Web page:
If you want a colorful, cheerful garden this spring, start by planting your bulbs now. Planting spring flowering bulbs is a great idea as your garden will be all set to put on a great display when spring rolls around. Depending on where you live this will allow you to have flowers from January through June.

Flowering Timeline

The most popular spring-flowering plants are crocus, daffodils, hyacinths, and tulips. There are many other beautiful flowers that bloom throughout the spring that deserve consideration. Have you thought of alliums, anemones, or snowdrops?

Here is a timeline with the bloom times of flowers:

Jan – Feb:  Snowdrops (Galanthus)

Feb – Mar:  Crocus, Chionodoxa

Mar:  Iris, Narcissus (botanical)

Mar – Apr:  Anemone, Narcissus, Scilla Siberica

Apr:  Muscari, Fritillaria meleagris, Tulipa (botanical), Hyacinthus, Leucojum aestivum

Apr – May:  Tulipa, Fritillaria imperialis

Jun – Jul: Allium (high flowering), Allium (low flowering)


Many of these flowers will bloom for several weeks. If you choose flower combinations by different bloom times you can design your garden to have blooms all spring long. Here is an example of a combination you can create. Start with snowdrops in January, crocuses in February, botanical daffodils in March, grape hyacinths in April, Tulips in April/May, and alliums in June.  Next, consider different colors as most of these bulbs come in many different colors and some of them are available in mixtures.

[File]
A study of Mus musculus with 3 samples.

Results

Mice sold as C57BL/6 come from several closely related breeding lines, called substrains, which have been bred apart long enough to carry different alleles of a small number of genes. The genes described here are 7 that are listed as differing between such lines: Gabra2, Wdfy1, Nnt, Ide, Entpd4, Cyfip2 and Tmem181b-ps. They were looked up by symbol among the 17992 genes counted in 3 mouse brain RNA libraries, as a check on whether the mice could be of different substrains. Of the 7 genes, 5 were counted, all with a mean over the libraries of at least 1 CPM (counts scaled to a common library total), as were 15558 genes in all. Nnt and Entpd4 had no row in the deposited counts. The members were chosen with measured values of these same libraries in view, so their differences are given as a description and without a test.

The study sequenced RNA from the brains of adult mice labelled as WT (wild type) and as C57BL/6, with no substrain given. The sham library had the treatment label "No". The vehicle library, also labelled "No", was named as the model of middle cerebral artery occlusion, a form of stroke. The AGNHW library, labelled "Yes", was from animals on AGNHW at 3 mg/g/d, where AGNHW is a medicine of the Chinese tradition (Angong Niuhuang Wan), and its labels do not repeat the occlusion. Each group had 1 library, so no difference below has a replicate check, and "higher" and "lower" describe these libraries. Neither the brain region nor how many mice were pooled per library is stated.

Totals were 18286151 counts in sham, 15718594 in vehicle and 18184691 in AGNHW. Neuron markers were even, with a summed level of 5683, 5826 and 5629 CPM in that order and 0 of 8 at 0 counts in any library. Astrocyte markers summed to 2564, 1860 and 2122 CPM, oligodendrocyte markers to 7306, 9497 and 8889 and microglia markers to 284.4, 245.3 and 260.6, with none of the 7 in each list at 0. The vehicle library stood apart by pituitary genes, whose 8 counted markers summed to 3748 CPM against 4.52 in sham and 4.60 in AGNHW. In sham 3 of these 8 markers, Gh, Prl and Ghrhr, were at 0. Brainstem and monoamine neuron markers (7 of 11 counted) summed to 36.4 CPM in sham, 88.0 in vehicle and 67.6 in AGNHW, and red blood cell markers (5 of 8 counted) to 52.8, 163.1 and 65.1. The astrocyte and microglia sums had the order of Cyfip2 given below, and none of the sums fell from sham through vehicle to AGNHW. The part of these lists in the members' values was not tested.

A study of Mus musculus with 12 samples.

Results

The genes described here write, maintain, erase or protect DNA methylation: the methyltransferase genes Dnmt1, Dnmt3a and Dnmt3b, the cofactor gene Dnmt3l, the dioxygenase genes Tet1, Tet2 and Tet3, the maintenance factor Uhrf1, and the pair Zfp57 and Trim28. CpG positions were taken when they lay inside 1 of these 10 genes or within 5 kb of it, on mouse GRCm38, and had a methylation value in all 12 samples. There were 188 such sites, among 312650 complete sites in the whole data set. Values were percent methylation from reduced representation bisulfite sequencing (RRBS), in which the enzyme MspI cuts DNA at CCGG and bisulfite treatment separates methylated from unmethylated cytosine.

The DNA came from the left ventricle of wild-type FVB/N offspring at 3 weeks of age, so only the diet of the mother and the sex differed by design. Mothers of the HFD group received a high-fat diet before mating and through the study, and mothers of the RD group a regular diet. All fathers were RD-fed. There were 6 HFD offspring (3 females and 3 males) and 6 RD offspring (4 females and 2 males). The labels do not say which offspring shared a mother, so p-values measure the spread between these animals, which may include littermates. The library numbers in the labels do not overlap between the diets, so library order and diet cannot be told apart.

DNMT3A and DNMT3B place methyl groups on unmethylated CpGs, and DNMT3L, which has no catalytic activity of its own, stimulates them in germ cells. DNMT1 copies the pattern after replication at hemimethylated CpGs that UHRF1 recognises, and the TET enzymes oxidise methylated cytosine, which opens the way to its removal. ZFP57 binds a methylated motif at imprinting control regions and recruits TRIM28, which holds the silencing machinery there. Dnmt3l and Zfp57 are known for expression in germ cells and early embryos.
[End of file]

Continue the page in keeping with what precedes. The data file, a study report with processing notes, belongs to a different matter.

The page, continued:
The range of flower bulbs is quite extensive. When making your combination selections make sure to check the bloom time, so they fit the design you are trying to create.

Spring-flowering bulbs like to be planted in full sun or partial shade. Check the growing instructions so you are prepared.

These bulbs will almost grow in any type of soil, but they do not like it too wet. Avoid planting them in a location where water might pool, such as the bottom of a hill or under a drain.

If you want beautiful spring flowers and only have a patio, terrace, or balcony try planting bulbs in pots and use the lasagna method by planting the bulbs in layers. Put late-flowering bulbs at the bottom, and the early-flowering ones at the top. If you plant the layers in the correct flowering order, the early bloomers will flower first, followed by the bulbs that bloom later.

Planting Tips

When planting your bulbs make sure they are in the ground before the first frost. These bulbs need the cold to grow and bloom properly.  Here are steps to plant your bulbs:

Dig a hole for a large number of bulbs, or individual holes for single bulbs. The rule of thumb is to plant the bulb three times as deep as it is tall.

Put the bulb in the soil with the tips facing up. If you are not sure which is the tip, don’t worry the bulb will flower even if they are planted upside down. For large flower bulbs plant them three to eight inches apart. Small bulbs can be planted three inches apart.

Cover the bulbs with soil and water them if the soil gets dry.